Abu Ghosh focuses on coexistence, despite attack

‘We’ll never be weak because of slashed tires’; residents of Abu Ghosh come together to show unified front.

By JOSHUA LIPSON, CARA DORRIS
June 19, 2013 01:01
3 minute read.
IBRAHIM SULEIMAN stands in front of his vandalized vehicle in Abu Ghosh

vandalized car abu ghosh 370. (photo credit: CARA DORRIS)

 

“We were shocked by the incident. I needed to get to work at the school in Ein Rafa, but wasn’t able to. Thirty- five children waited for me at work today, but I couldn’t come,” she said as she leaned against the deflated tire, clutching her car keys.


“This is the first attack of its kind,” said Dib Ali Uthman, a veteran resident of Abu Ghosh, as he peered down into the valley at the village’s heart. “Though there was something else during [Meir] Kahane’s day, when they wrote on the outside of a café, ‘Abu Ghosh residents: don’t go out with Jewish girls,’ and Geula Cohen said to Kahane, ‘don’t talk about our Abu Ghosh like that.’” Dib, who also goes by the Hebrew name of Dov, is a friendly 79-year old who seems to be something of a village fixture.

Abu Ghosh has been on famously amicable terms with Zionist leaders since the early 20th century, which is why many residents are dumbfounded by the attacks.

“At the moment when the Jewish nation was weak, Abu Ghosh helped the Jews, during 1948 and before,” Dib continued as he gestured toward the Hebrew graffiti that read “Racism or Assimilation” and “Arabs out,” and laughed lightheartedly.

Local mechanic Ibrahim Suleiman discovered the graffiti on the wall in front of his home at 6:15 a.m. on Tuesday, and soon realized that three of his cars’ tires had been slashed. A close friend of Avraham Burg, he noted that the former Knesset speaker’s car, parked in front of his house, had also been vandalized.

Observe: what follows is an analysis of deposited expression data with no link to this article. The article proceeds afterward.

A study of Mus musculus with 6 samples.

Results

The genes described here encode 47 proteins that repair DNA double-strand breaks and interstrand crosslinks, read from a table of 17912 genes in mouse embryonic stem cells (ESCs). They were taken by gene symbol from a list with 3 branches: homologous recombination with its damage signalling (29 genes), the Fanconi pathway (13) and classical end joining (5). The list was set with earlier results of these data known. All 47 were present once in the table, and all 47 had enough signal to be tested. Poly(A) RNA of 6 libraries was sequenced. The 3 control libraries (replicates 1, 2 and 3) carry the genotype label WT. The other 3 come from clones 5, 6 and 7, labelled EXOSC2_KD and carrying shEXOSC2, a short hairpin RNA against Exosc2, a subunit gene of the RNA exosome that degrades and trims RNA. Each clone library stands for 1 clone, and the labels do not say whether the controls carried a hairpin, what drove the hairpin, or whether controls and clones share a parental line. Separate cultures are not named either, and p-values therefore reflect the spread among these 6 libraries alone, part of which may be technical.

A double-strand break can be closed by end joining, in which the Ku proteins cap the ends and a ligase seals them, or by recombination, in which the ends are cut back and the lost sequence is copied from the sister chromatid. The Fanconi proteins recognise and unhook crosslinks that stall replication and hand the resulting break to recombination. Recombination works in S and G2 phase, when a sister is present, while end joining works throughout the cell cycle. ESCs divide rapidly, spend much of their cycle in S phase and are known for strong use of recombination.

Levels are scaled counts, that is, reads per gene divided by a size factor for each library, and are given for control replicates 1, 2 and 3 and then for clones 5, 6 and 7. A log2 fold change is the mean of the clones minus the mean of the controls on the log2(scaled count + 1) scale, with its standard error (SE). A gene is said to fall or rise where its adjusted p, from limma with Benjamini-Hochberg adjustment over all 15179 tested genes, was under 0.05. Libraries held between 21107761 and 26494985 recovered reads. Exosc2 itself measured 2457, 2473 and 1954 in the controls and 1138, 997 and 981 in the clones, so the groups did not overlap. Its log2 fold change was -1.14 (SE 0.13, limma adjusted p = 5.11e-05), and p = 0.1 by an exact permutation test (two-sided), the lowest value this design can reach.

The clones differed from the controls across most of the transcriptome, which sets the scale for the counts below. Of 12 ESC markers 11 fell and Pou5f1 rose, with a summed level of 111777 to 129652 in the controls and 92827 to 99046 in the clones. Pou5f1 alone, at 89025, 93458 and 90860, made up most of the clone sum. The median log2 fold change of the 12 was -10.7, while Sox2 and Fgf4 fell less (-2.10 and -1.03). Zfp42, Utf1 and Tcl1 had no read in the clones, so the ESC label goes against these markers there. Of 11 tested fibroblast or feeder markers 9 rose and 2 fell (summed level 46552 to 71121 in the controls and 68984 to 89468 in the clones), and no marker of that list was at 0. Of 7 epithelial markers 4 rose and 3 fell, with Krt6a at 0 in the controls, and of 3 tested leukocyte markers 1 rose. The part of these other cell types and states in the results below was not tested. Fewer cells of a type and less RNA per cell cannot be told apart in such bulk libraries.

“It’s hard to describe how I felt,” he said. “It’s something horrifying. I’m in trauma right now.”

Though optimistic about future prospects for coexistence in the region, he doubts the motives of the government, which has not reached out to assist him in removing the graffiti.

“There is of course a connection between the political far-right and these attacks.

The state is strengthening them, giving them backing.

And instead of calling them terrorists, they just call them ‘disorderly youths,’” Suleiman said, referring to the unknown Jewish vandals.

“I could find 40 ‘disorderly youths’ on this street, but they wouldn’t do something like this.”

Residents reported that by midday, camera crews from around the world had filled the village’s winding streets in pursuit of details about the attacks. But seeking a return to normalcy, locals were more concerned with repairing their damaged vehicles.

“The street was flooded with dozens of garage mechanics, who are working on the tires now. The car is the right hand of every citizen,” said Mayor Salim Jaber during a survey of the damage on Tuesday.

Arsan Abd al-Rahman, a candidate for the local council who reports that the attacks will cost his family over NIS 3,000, believes the incident will negatively influence future relations between Jews and Arabs in the historically peaceful village.

“People are going to become more cautious,” he said. “Every time we see a Jewish family here traveling in Abu Ghosh, we sit down together – but now we might become a bit more reserved. Every time someone comes in a car at night, they’ll be asked, ‘What are you doing? Why are you here?’ It’ll take some time to heal.”

But Abu Ghosh residents are determined to keep their bucolic village a place of peace.

“There are those who don’t like normalcy or coexistence,” said Suleiman, the owner of the vandalized wall.

“They don’t think it’s worth it, so they want to stir up some noise.

“But they’ll never be stronger than us,” Suleiman continued, smiling as the dust from a moving car clouded his eyes. “We’ll never be weak because of 28 tires. Believe me.”